Catholic Church Backs Opposition on Approval of Controversial Amnesty Law

The Catholic Church in Venezuela has waded into the controversial debate on the opposition’s electoral promise to pass an “Amnesty Law” on gaining a two-third majority in the country’s parliament.  

Cardinal Urosa Sabino has backed the MUD over its proposed amnesty law (Aporrea)

Caracas, December 14, 2015 (venezuelanalysis.com) – The Catholic Church in Venezuela has waded into the controversial debate on the opposition’s electoral promise to pass an “Amnesty Law” on gaining a two-third majority in the country’s parliament. 

The highly contentious amnesty law would be used principally for the benefit of jailed opposition leader, Leopoldo Lopez, who was found guilty of inciting the opposition violence which led to the deaths of 43 people during the street barricades (Guarimbas) last year. He was condemned to 13 years in prison by the Venezuelan courts in September 2015. Several other people have also been handed down lesser sentences or are on trial for their role in the violence. 

“There should be an amnesty law because there are a great number of people in jail for crimes related to political actions. For me that is unjust,” said the head of the Catholic Church in Venezuela, the Archbishop of Caracas Jorge Urosa Savino, on Sunday.  

After the opposition's crushing victory in the parliamentary elections of December 6th, several leaders of the “Democratic Roundtable” (MUD) have confirmed that they will push for the law when the National Assembly begins its work on January 5th 2016. It features as one of the first points in their “Let's Save Venezuela Plan“ (Plan Rescatemos Venezuela). 

“The country is going in the wrong direction because they [the government] want to apply a totalitarian, Marxist and Communist model,” added the ultra conservative cardinal. 

“Popular Will” party founder López is pinned to be one of the strongest contenders for the MUD’s official presidential candidate in the next national elections should he be released - but he is a divisive figure amongst the general population.

Nonetheless, his case has become a cause celebre for the opposition and its allies in the Catholic church, which supported the political and military leaders that led the short-lived coup d’etat against former Venezuelan president Hugo Chavez in 2002.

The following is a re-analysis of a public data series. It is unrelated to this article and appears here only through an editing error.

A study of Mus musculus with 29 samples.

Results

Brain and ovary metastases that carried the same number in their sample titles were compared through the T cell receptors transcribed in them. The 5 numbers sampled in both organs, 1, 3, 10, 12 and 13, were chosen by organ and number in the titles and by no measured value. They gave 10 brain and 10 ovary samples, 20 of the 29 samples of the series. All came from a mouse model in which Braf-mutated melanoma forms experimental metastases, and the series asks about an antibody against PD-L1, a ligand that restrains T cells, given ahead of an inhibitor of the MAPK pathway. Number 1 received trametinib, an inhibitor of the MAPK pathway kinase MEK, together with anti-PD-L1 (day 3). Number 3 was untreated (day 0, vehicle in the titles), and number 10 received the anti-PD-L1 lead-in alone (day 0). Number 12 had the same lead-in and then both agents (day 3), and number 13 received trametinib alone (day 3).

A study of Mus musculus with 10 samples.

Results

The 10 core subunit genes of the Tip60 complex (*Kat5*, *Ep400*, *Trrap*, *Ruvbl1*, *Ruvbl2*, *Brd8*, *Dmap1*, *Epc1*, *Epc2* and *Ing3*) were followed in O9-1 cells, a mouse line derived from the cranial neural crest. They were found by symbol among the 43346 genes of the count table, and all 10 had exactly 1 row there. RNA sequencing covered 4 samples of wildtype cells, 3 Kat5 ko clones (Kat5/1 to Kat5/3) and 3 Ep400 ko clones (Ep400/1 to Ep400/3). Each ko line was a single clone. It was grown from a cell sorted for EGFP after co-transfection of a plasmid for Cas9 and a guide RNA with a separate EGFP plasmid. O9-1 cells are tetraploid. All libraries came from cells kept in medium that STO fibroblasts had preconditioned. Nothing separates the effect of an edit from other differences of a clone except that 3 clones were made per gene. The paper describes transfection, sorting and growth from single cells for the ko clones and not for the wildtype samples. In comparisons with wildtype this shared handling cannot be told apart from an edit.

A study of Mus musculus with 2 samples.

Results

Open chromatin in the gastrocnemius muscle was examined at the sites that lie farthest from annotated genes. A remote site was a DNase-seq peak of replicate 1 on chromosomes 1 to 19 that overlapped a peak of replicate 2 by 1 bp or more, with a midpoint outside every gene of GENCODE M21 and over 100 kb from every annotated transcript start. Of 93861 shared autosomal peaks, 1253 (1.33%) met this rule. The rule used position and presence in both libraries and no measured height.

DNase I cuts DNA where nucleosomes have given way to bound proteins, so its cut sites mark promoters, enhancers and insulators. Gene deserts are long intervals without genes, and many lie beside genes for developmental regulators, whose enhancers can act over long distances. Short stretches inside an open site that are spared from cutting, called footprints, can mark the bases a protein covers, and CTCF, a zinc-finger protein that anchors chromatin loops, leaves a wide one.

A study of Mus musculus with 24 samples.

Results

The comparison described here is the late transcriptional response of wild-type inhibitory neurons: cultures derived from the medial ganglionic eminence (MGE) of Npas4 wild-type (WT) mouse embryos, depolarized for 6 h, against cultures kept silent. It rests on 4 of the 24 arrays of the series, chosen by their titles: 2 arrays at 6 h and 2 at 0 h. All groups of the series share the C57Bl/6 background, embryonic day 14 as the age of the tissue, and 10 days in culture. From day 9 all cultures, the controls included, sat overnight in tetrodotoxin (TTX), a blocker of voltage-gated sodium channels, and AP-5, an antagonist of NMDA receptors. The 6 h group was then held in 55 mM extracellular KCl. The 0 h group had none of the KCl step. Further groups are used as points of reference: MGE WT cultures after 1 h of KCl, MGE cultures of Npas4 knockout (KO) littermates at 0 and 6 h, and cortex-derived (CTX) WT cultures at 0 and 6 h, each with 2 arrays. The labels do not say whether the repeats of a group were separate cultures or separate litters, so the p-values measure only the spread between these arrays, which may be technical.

They claim that his sentence is politically motivated and that Lopez is not directly responsible for last year’s violence - despite his public role in calling for the protests. But the government and national human rights organisations have argued that Lopez called on his followers to enact mass human rights violations against the Venezuelan population in order to oust the democratically elected government.  

On Sunday, congressman Luis Florido (Popular Will) and other opposition leaders congregated in front of the Ramo Verde Prison where Lopez is serving his sentence.

“We came to Ramo Verde to tell Leopoldo that the Amnesty Law will be approved by the congressmen of freedom,” he said. 

But attempts to pass the law in parliament look set to be met by staunch resistance from the President, Nicolas Maduro of the United Socialist Party of Venezuela, who has vowed not to sign the law. 

The president is able to twice throw out a law proposed by congress, following which it would be escalated to the Supreme Court which has the final say. The body can ultimately block the legislation if it is found to be unconstitutional - a stance maintained by around forty Human Rights Organizations which have already taken to the media to denounce the proposed legislation as a violation of the country’s constitution. 

In particular, the Organization for the Victims of the Guarimbas and the Coup (Comité de Víctimas de la Guarimba y el Golpe) has “categorically” rejected the opposition's plan for the amnesty law. They say the legislation would breach article 29 of the Bolivarian Constitution  which forbids impunity in cases of violations of human rights. 

Edgar Márquez, President of the Association of the Victims of the Coup d'Etat (Asovic), condemned the opposition's proposal as “opening the jail's doors for a group of criminals”. 

Although the MUD is pushing strongly for the Amnesty Law, the opposition coalition appeared to show signs of infighting last week. 

Tensions mounted when Henrique Capriles Radonski, former presidential candidate for the MUD and another possible candidate for the next elections, did not participate in a press conference organized by the coalition and instead gave his own press meeting. 

Leader of the Democratic Action party Ramos Allup accused Capriles of running “his own political campaign” and of “disrespecting the demands of the people”.

The opposition would need all of its 112 allied legislators in the National Assembly to vote in favour of the law in order for it to be set in motion.